Round-up time is often a bit sad, but you must admit the Miss America contestants were lovely beyond words this year, and by the time Cheryl Prewitt took the crown for the great state of Mississippi the world seemed safe for one more year of long-stemmed beauties.

Prewitt is noy only a miracle of beauty but a miracle. Her leg was crushed 11 years ago in a car accident. She said doctors told her she would never ualk again. But she walked as well as all the other contestants Saturday night. She attributes it to God.

"God is the instigator of this whole thing. If it wasn't for Him, I would never have gotten out of that wheelchair and walked."

On Oct. 21, 1974, she said, she attended a Jackson, Miss., revival meeting, where 300 other believers joined to ask that her shorter left leg would grow to match her right. "I was sitting there very calmly. We prayed and we asked. I sat and watched my leg grow out instantaneously two inches."

Asked uhether she thought people would believe her medical miracle, Prewitt said, "I'm not worried, if I worried about it, then I wouldn't believe it happened. But I know it did and if others don't . . . "

Preuitt is the 52nd Miss America and the third Miss Mississippi to win the title. She stands 5 feet 7 and weighs 110 pounds, and said her family's home is eight miles outside of Ackerman, a town of about 1,600. She said she had hoped to attend and get a doctorate from the Juilliard School of Music in New York -- but now her music career "depends on what doors are open" -- and described herself as a independent Methodist, a Democrat and "a very loving person."

Nobody ever has the foggiest idea why one girl wins and another doesn't. Bert Parks, the master of ceremonies, a perfectly preserved specimen of early middle age though he dates from the last year of King Tutankhamen's reign, made a great point of reminding everybody that Miss America is not, repeat not, a beauty contest.

Nor a talent contest.

They never used to say that.

They only say it now to keep peace among the television audience (and last year the show drew half the viewers watching anything at all) who tend to say:

"Waddya mean, Miss Slopebone won? Wadda dog."

"Oh," cry a million home viewers to their partners, "you wanted Miss Busty. Well, thank God she didn't win. Something rather vulgar about that Miss Busty. But Miss Slopebone-- isn't it sweet she teaches Sunday school?"

"What else is she going to do down in -- ?" (Etc., etc.)

If your girl doesn't win, you can comfort yourself that it's neither a beauty nor a talent contest, so how did she ever have a chance?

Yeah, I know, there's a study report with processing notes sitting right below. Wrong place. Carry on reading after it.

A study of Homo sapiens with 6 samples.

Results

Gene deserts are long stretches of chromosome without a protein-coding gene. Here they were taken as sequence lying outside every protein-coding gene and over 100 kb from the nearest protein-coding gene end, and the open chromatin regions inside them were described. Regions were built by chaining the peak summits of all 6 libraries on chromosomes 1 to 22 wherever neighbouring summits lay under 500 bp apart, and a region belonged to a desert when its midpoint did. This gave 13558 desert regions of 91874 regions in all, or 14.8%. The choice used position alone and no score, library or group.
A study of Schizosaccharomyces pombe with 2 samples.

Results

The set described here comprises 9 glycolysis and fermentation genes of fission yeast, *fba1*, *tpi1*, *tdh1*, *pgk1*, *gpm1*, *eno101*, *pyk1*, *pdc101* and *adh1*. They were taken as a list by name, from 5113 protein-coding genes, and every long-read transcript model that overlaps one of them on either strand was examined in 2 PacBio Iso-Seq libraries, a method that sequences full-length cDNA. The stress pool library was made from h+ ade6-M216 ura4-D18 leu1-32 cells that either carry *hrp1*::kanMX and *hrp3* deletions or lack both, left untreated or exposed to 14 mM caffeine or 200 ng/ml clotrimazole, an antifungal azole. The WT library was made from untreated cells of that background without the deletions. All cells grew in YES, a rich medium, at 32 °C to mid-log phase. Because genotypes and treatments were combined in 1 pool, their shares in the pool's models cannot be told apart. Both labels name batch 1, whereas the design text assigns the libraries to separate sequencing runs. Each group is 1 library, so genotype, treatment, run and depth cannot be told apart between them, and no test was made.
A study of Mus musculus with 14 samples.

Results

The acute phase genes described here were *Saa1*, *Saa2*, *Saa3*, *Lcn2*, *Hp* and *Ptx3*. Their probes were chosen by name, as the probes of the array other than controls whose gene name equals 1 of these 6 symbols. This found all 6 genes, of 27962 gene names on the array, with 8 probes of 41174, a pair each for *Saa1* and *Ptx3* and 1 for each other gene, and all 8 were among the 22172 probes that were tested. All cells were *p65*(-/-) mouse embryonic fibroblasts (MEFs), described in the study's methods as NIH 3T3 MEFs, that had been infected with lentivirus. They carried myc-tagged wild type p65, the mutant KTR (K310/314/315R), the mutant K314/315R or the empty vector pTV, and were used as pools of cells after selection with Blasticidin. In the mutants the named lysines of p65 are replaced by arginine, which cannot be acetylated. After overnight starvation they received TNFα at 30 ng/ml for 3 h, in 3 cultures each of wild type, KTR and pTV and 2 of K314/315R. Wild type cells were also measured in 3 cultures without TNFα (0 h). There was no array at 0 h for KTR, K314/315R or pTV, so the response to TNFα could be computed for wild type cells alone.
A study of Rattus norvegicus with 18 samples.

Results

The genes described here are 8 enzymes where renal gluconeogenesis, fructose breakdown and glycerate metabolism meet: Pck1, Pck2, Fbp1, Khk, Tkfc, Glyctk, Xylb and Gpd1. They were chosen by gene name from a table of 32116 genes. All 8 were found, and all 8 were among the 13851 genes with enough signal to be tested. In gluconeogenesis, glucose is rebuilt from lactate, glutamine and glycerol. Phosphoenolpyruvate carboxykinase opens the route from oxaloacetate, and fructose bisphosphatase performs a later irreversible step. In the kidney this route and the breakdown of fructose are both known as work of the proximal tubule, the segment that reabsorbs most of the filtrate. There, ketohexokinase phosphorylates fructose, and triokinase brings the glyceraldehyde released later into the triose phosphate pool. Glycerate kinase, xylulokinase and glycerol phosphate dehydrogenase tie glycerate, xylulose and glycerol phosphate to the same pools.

This Saturday's pageant was notable for baton twirling (Kelli Diane Krull of New York), the likes of which was never seen before, and which should permanently shut up people who rank twirling below hog-calling. Spectacular.

There was also a merciful shortage of dramatic readings, a favorite "talent" of former years. Furthermore, nobody sang Puccini arias. Over the decades, there has been something about Puccini that inspires people who can't sing their way off a streetcar to sing to the nation from "Butterfly."

Contestants nowadays know that the voice doesn't sound so bad if the musical work is modest.

And this year, among notable refreshments, were Miss Iowa, Lori Froeling, on the flute, and Miss Florida, Marti Phillips, on the clarinet.

Tradition was not entirely broken, however. There was the usual Chopin, in which the point of the performance is that the young woman can wiggle her fingers with agility and pays attention to everything except the central music.

Parks, who brings enthusiasm and wonder to his work decade after decade (he's been at the pageant 25 years now) announced each girl with clear speech and profound awe.

The lighting was admirable. The professional dancers, who bounded forth like greyhounds from time to time, were smart and snappy, and the general pacing was excellent, especially when you consider that it is the nature of pageants to Last.

This year the girls learned a new technique, speaking in loud, strained tones as if competing with jet planes overhead. Doubtless the pageant setting at Atlantic City is noisy, but on television it's always an error to strain for volume. Certain politicians strain the same way, and one is reminded of a farm youth whose prize calf has strayed on the railroad track and the 6:15 is approaching and he implores the gods to stop fate.

Another thing the contestants have learned is to keep their mouths open at all times. Humans should have 32 teeth, and the theory is that if you can see 24 of them, you can take the rest on faith and assume the lass is healthy.

There were, according to the sacred traditions of glitter-media, plenty of commercials. People who watch television often could easily ignore them. Others, who rarely watch, might have found them interesting beyond measure, technically impressive (especially on behalf of breakfast crunchables and soups that have no calories to speak of) and irresistible as a kaleidoscope or a three-ring circus. Weird, of course, but galvanizing all the same.

What, one may ask himself, does it all mean? The annual festival of the nubile, squeaky clean.

It means (a survey has shown) folk like to look at girls. That's what it means. Any squawks?